Encyclopedia Titanica


Cleveland Plain Dealer


Many Parts of Ohio Represented in Lists of Victims

When the news of the greatest sea distater ina century was flashed to Cleveland yesterday, it struck horror in more than one home in this city. At least four people bound for Cleveland in the ill fated Titanic may have perished when the vessel sank. Friends and relatives of Cleveland people and of people in many parts of Ohio are known to have been on the big liner. Their fate may not be known for a day of two, but the latest reports lead to the belief that they were drowned. Mrs. Albert Stanley, 2031 E. 105th st. is waiting for the arrival of her brother, Ernest Crease, 20, who was on the ship. With him was Mrs. Stanley's brother-in-law, Roland Stanley. Miss Elizabeth Bonnell, 60, sister of W. F. Bonnell, 1762 Ford drive N.E., was coming from England to visit her brother. With her was her niece, Miss Caroline Bonnell, 26, of Youngstown, O. In the same party were Col. and Mrs. George D. Wick and daughter Natalie Wick, also of Youngstown, O. Richard Rouse, 50, stepfather of George Maylun, court house clerk, was coming to Cleveland to visit Maylun

All May Have Died

In reports received up to midnight, there is no word that any of these has been saved. Ernest Crease, 20, was a native of Cleveland and amde his home here until about three years ago, when he went to England to live with relatives at Bristol. Recently he determined to return to Cleveland to live. He waited for the maiden voyage of the greatest transatlantic liner. With him was Roland Stanley of Dorset, England, a brother of Albert Stanley, Crease's brother-in-law. Young Crease is a son of Albert J. Crease, who lives with Mrs. Stanley on E. 105th st. In January Miss Catherine Bonnell, with Col. and Mrs. George D. Wick and Natalie Wick of Youngstown, O., sailed for Europe. On their return they were bringing with them Miss Elizabeth Bonnell, sister of W. F. Bonnell, 1972 Ford drive N. E. Mr. Bonnell and not seen his sister for years and arranged for a long visit from her. Col. George D. Wick of Youngstown, O., is a brother of Henry C. and A. H. Wick of Cleveland. Mr. and Mrs. Henry C. Wick, 3515 Euclid av. are returning from Europe on the Lapland. Richard Rouse of Southampton was a coal miner in England, but was thrown out of work by the recent strike. He was coming to his children in this country and expected to work in America. Members of the Helen Ware company, playing in "The Price," at the Opera House fear the owner of the show, Henry B. harris, was drowned. Harris, with his wife. was coming from England on the Titanic. He was to join the company, which is playing here, at Cincinnati next week preparatory to putting on a new production. Miss Cornelia Andrews, the daughter of the late Judge Robert Andrews, Hudson-on-Hudson, N. Y., who has many friends in Cleveland, was aboard the wrecked liner with her sister and cousin. It had been reported that Mr. and Mrs. W. H. Oddie, 10842 Grantwood av. had sailed on the Titanic and drowned. According to George H. Bowman for whom Mr. Oddie made the trip abroad. Oddie was not expected to return for two weeks. Throughout yesterday reports of the condition and location of the Titanic and the ships assisting her were watched eagerly by Cleveland people whose dear ones had left Southhampton on the big liner.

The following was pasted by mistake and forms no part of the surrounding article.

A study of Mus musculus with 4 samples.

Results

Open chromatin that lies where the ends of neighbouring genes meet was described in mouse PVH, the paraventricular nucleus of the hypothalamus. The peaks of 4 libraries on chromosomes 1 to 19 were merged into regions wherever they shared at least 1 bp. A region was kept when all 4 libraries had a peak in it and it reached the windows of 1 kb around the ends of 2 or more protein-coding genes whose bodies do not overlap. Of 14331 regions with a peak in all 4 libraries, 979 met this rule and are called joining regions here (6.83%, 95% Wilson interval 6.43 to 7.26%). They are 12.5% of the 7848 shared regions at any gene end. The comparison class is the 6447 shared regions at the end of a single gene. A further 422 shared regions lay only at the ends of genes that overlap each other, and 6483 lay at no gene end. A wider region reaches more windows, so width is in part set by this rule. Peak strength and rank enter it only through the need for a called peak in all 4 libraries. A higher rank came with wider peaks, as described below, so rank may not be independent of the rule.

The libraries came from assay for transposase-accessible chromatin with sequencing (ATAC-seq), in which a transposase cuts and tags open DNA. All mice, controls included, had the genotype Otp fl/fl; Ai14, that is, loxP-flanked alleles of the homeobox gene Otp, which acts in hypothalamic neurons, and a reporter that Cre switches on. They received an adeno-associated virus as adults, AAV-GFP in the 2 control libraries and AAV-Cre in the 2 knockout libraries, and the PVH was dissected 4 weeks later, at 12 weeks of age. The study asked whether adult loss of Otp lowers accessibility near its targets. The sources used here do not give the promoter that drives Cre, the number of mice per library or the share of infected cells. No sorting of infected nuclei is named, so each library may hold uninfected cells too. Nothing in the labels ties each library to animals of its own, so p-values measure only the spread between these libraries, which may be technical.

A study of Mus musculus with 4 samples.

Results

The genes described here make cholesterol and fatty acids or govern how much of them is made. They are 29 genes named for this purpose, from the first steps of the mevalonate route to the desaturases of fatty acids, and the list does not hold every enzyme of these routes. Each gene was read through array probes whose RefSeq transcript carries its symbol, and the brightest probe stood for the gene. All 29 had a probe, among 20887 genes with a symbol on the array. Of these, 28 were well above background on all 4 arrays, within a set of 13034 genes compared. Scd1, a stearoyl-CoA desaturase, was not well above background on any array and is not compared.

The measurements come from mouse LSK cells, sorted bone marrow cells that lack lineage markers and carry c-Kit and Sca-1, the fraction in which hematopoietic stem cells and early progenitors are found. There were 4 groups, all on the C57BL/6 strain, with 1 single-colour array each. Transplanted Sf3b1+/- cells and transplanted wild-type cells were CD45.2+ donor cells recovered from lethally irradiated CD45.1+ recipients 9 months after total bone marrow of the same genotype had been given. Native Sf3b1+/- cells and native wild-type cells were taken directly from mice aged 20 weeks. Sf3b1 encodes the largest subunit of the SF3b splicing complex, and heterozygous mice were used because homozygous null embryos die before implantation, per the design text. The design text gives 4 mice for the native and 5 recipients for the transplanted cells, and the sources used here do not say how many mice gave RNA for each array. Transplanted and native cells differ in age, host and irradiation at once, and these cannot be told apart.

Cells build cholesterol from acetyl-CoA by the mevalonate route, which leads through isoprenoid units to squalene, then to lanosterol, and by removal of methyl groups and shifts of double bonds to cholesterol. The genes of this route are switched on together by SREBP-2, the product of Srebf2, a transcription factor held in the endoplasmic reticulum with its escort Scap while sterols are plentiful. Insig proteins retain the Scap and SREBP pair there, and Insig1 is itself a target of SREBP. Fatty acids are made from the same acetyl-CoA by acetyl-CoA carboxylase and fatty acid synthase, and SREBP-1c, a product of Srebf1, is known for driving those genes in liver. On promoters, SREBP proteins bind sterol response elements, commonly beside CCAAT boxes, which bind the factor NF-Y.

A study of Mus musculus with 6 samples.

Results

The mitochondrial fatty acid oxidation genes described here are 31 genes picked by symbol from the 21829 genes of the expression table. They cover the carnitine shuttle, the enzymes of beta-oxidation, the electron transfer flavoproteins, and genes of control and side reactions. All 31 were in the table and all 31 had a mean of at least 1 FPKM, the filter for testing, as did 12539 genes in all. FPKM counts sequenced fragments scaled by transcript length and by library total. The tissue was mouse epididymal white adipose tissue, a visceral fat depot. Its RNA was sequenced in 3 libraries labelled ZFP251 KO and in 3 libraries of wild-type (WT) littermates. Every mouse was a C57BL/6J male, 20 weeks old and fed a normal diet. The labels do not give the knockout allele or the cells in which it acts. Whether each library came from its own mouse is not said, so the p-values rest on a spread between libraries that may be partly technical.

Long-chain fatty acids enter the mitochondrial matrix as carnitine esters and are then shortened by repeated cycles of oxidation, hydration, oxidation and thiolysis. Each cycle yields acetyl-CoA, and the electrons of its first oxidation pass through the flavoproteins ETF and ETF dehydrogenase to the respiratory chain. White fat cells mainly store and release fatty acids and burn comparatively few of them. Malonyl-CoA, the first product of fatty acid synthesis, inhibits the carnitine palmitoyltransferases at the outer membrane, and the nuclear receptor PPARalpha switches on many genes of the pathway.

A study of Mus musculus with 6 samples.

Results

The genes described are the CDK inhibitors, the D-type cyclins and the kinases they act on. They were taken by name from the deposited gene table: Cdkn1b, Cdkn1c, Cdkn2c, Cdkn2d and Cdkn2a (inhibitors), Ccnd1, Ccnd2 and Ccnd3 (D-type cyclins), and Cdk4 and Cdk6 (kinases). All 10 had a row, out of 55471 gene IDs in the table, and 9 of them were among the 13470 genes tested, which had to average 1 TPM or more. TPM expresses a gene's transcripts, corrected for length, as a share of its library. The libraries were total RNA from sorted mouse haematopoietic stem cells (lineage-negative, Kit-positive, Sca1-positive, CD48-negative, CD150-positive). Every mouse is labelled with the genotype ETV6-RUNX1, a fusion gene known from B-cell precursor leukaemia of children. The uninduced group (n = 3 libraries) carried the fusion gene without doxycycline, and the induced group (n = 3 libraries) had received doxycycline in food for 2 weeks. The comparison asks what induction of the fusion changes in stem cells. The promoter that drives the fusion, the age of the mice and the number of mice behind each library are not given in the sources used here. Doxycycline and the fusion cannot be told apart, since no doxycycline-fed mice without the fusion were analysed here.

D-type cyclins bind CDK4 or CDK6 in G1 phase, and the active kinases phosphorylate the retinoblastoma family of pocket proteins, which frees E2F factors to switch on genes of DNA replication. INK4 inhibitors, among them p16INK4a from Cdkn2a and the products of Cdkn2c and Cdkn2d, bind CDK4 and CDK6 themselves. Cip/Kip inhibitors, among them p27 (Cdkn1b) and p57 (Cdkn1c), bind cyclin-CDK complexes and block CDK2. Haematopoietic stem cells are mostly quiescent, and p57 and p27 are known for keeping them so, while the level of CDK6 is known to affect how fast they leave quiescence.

SPECIAL TO THE PLAIN DEALER YOUNGSTOWN, O., April 15-- The Youngstown people on the Titanic are Col. George D. Wick and wife, their daughter, Miss Natalie Wick, Miss Caroline Bonnell, daughter of Mrs. J. M. Bonnell, and Miss Lilly Bonnell of Birkdale, England, who was returning with the Youngstown people for a visit with relatives in Youngstown. The Youngstown party went to Europe in Frebruary for a tour of the continent. Col. Wick is one of the leading iron and steel manufacturers in Youngstown and has been connected with the banks and iron and steel industry all his life, His wife was formerly Miss Mollie Hitchcok. Col. Wick was on the staff of Gov. Asa Bushnell, and thus secured his title.